Cordin was off and running in a small niche of the high-speed photography business, though it turned out not to be a very high-speed business; the company today sells about 10 cameras a year, often customizing for specific jobs.
The chief customizer is James Brimhall, 70, who has been with Cordin for almost 20 years and is in charge of camera assembly. The work is as much about handcrafting as engineering. Cordin’s own shop fashions practically every knob, gear and fitting for each camera. With his shop apron, hat, glasses and two hearing aids, Brimhall has an old-world, master-craftsman mien, and is now passing on his expertise and responsibilities to a 32-year-old employee named Lane Oberg. For Oberg, it’s a matter of learning by doing: One does not arrive from optical-engineering school ready to build a device as specialized as a Cordin camera.
One morning I help Oberg assemble one of 160 lens housings that will form the guts of a $385,000 rotating-mirror camera destined for a ballistics range at Los Alamos National Lab. It will be the fifth Model 140 camera the company has built in its history: 2.25 million fps, f/16 aperture, 80 frames total. Its mirror is a pentagonal lump of beryllium coated in polished aluminum; the beryllium has been X-rayed to ensure that the crystalline structure is pristine, lest it explode when rotated at 562,500 rpm by the camera’s helium-driven turbine.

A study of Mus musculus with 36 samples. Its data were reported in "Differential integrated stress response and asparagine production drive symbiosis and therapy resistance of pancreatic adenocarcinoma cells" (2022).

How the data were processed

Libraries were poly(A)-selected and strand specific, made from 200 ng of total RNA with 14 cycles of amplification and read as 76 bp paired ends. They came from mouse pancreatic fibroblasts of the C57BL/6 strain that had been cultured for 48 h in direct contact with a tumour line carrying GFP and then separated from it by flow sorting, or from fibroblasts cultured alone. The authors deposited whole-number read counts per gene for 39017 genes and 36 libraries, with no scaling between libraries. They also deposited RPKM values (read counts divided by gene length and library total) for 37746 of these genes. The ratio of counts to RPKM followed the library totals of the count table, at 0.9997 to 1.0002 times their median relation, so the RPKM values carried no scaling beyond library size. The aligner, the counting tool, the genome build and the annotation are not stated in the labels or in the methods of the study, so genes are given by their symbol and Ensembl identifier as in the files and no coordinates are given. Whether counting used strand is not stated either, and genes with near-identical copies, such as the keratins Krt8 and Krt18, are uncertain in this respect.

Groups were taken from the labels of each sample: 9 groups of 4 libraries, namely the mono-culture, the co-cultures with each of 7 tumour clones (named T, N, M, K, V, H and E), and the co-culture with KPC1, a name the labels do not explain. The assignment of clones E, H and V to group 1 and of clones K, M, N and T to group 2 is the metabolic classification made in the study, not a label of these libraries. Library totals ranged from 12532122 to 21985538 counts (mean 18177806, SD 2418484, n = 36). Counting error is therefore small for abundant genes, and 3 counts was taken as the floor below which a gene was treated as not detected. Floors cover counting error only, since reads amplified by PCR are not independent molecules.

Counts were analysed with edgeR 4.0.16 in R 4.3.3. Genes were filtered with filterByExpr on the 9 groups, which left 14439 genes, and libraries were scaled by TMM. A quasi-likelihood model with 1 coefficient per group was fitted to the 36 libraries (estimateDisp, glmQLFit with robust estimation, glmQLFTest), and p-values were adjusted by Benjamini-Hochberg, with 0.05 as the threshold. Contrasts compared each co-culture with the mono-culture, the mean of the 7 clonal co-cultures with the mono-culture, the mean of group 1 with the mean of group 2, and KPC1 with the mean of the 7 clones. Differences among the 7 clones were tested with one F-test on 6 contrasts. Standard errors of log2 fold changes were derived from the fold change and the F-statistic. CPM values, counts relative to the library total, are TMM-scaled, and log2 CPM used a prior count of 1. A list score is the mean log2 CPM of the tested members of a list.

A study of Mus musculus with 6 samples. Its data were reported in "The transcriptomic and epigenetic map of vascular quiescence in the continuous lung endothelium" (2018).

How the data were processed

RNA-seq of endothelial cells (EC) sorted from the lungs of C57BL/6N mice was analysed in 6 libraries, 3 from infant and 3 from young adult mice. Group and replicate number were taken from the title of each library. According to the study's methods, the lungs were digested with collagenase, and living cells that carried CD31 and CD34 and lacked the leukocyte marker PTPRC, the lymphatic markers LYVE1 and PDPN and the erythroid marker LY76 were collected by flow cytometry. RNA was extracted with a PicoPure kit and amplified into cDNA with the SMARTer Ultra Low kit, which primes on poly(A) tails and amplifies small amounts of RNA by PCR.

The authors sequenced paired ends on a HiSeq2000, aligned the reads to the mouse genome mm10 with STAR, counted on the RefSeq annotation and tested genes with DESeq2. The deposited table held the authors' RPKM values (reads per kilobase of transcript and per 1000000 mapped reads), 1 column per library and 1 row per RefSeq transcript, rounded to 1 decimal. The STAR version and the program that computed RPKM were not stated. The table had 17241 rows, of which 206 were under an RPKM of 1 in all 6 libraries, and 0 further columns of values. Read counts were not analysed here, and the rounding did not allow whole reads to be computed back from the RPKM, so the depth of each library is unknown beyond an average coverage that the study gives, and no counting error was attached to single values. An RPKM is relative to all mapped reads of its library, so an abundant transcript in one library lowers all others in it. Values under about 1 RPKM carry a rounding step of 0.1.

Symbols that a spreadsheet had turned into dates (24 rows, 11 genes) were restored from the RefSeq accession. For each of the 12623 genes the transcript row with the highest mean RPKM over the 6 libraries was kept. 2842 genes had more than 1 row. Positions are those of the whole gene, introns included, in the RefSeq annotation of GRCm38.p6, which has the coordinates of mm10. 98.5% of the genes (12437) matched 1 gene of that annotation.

Oberg greets me from his desk, where he’s holding a black, anodized-aluminum mount in one hand and an electric Dremel tool-the kind you see advertised on late-night TV in the other. Metal shavings are piled on the floor nearby. “I knew there was a reason I kept this thing around!” Oberg says cheerfully. “Never used it before, but I figured it’d come in handy.”
He then begins grinding away at parts of the mount, exposing the silvery metal on several surfaces. He explains that the hundreds of lenses that go into the camera will be held in place by these mounts, which are precisely engineered to strict tolerances. But the cement he’s using to hold the lenses in the mounts doesn’t stick well to anodized aluminum. So he’s simply grinding the anodization away.
We duck through a large, black plastic sheet that acts as a UV-light barrier and into what is an almost “clean” room. A plywood board holds hundreds of rectangular glass lenses, which look like superthick lenses for reading spectacles: about 1-1/2 inches long, 1/4 inch thick, maybe 1/4 inch high. Each assembly will hold four lenses, two assemblies per frame, for the 80-frame total. Two of the lenses in each assembly need to be placed with a tolerance in the micrometer range; two do not.